In our ongoing campaign to protect and promote access to Complex Rehab Technology, NCART wants to talk about Managed Care in hopes of demystifying this often misunderstood entity.
What is Managed Care? By definition, Managed Care is a health care delivery system. These Managed Care Organizations, or MCOs, were designed to manage cost, utilization, and quality. We understand that the mention of the term MCO, like HMO, often rubs people the wrong way, but these MCOs are a valuable part in the delivery of services. It’s the job of the Medicaid managed care groups to provide for the delivery of Medicaid health services and benefits through contracted arrangements between Medicaid agencies and managed care organizations.
While MCOs are a managed care administrative mechanism, they are NOT a substitute different program than the fee-for-service Medicaid program in your state and more importantly, Medicaid recipients do not lose benefits by being enrolled in managed care. In other words, don’t fear the MCO.
How many people are enrolled in MCO’s? Probably more than you think. It’s estimated that about 70 percent of those enrolled in Medicaid are being served by MCOs. Are you enrolled?
The MCO makes the services it provides timely, adequate in duration and need of the person needing the service. It is important to note that the MCO’s authority or responsibility does not have to extend to all covered Medicaid services. For the services the MCO does cover, there are some strict rules they must abide by. The regulations state that each contract with an MCO must identify, define and specify the amount, duration and scope of each service that the MCO is required to offer. Those regulations are to ensure that the recipients receive the care and services they need.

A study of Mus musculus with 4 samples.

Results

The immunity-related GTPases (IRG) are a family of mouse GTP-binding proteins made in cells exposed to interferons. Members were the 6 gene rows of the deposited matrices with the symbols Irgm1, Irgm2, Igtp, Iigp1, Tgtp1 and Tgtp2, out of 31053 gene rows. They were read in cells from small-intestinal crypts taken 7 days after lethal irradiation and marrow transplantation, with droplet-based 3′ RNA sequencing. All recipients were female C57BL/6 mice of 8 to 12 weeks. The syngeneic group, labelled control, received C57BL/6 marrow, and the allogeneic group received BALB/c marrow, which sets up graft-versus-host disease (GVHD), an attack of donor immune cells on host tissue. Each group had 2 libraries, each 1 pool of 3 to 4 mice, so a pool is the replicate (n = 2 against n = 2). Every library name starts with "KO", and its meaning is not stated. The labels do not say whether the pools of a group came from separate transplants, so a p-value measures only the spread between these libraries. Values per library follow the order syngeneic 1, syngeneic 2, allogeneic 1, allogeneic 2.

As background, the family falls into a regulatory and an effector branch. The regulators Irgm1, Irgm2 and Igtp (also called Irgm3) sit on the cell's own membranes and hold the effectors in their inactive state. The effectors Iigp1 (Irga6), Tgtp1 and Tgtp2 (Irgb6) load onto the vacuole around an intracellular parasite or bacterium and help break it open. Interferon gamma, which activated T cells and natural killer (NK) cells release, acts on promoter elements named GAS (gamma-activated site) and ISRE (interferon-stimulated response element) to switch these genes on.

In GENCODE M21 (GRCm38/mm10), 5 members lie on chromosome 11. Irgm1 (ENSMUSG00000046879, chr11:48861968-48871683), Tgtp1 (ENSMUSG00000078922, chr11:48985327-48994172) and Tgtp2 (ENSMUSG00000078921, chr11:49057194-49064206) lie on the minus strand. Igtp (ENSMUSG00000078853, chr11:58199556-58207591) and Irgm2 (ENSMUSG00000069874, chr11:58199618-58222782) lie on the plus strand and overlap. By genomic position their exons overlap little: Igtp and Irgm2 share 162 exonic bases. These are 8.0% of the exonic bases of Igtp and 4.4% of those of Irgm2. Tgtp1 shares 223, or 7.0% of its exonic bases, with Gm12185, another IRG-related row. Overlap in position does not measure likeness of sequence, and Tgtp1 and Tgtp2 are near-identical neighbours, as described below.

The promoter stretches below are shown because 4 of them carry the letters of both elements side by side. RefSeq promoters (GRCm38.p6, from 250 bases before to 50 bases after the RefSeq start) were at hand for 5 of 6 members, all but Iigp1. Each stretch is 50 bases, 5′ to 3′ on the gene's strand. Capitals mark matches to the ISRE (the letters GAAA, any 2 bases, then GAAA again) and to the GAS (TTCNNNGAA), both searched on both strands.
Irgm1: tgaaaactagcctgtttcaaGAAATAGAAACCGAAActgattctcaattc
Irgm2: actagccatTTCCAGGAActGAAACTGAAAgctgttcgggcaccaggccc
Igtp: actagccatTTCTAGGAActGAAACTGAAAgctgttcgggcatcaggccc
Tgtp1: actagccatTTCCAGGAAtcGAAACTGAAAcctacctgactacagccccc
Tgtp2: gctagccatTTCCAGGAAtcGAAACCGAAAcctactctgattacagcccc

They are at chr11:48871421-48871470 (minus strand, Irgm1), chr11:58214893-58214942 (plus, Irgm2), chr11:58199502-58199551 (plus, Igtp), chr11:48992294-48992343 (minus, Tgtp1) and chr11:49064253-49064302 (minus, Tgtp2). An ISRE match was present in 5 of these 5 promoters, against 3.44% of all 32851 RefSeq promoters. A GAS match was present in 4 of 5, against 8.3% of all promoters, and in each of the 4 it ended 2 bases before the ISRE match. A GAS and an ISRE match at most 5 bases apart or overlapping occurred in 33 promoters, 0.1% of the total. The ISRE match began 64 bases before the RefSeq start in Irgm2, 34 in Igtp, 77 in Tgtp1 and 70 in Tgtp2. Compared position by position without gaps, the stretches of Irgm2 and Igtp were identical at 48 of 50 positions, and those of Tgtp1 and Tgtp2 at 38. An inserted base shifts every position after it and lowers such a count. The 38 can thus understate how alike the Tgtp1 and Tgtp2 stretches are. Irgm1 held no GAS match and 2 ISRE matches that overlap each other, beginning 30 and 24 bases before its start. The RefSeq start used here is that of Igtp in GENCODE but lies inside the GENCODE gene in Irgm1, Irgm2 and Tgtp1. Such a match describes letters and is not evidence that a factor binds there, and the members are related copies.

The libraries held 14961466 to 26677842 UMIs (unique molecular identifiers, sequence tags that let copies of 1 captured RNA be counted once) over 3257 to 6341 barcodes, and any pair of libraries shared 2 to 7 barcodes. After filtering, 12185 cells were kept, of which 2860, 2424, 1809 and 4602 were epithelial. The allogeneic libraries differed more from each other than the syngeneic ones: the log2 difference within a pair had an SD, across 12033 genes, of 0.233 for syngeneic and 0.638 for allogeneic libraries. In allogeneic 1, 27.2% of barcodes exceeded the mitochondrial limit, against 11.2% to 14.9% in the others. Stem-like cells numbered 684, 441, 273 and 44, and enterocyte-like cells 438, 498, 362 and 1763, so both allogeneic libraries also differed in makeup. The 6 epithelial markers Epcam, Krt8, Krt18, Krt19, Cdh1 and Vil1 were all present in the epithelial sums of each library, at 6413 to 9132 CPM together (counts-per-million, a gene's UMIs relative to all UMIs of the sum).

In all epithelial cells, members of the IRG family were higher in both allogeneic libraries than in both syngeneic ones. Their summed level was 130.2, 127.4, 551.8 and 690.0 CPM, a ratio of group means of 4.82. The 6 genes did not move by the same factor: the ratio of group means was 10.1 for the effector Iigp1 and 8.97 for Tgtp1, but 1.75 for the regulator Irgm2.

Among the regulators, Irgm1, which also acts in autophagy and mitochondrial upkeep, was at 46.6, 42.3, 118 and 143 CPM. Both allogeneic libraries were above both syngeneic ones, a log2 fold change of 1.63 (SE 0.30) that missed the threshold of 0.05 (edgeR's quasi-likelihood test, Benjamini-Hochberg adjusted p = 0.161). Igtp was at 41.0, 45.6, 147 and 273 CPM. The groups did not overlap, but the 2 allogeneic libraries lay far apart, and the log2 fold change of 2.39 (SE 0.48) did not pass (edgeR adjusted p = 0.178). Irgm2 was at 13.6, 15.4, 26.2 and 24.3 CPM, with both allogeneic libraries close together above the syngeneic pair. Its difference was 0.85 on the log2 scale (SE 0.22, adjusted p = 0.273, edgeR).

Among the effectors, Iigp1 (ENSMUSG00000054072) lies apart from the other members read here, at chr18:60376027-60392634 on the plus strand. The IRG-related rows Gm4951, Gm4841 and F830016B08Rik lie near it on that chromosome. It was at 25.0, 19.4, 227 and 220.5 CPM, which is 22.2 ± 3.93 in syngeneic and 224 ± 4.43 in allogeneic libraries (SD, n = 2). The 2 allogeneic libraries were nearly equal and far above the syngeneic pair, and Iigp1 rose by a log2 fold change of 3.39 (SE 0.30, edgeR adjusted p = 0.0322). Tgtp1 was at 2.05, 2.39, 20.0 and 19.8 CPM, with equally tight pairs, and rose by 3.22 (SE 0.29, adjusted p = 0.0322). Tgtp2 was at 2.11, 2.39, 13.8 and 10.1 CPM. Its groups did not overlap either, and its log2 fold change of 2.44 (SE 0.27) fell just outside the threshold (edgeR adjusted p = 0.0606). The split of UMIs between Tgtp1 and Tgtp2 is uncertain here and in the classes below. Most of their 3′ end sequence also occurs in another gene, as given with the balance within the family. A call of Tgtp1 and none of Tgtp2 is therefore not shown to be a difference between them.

For each of those services covered by Medicaid and administered through an MCO contract, there are rules. For instance (and a great thing for complex rehab equipment users) the MCO is required to cover every item of DME that is covered under the state Medicaid program. That means the MCO may not use criteria to determine eligibility for DME items that are more restrictive than, or that otherwise lead to a different outcome than would result from application of the criteria applied by the fee-for-service Medicaid program. In other words, the MCO cannot decide that a person needing a complex rehab wheelchair will be given a cheaper wheelchair to save Medicaid or the provider money. The person needing the complex wheelchair will get what they need (services and equipment) and for as long as they need.
NCART is here to help the people who need us most; the men, women and children who need medically necessary and individually configured manual and power wheelchairs, seating and positioning systems, and other adaptive equipment to live their healthiest and best lives possible. Please contact NCART if you have questions about Managed Care Organizations or other concerns.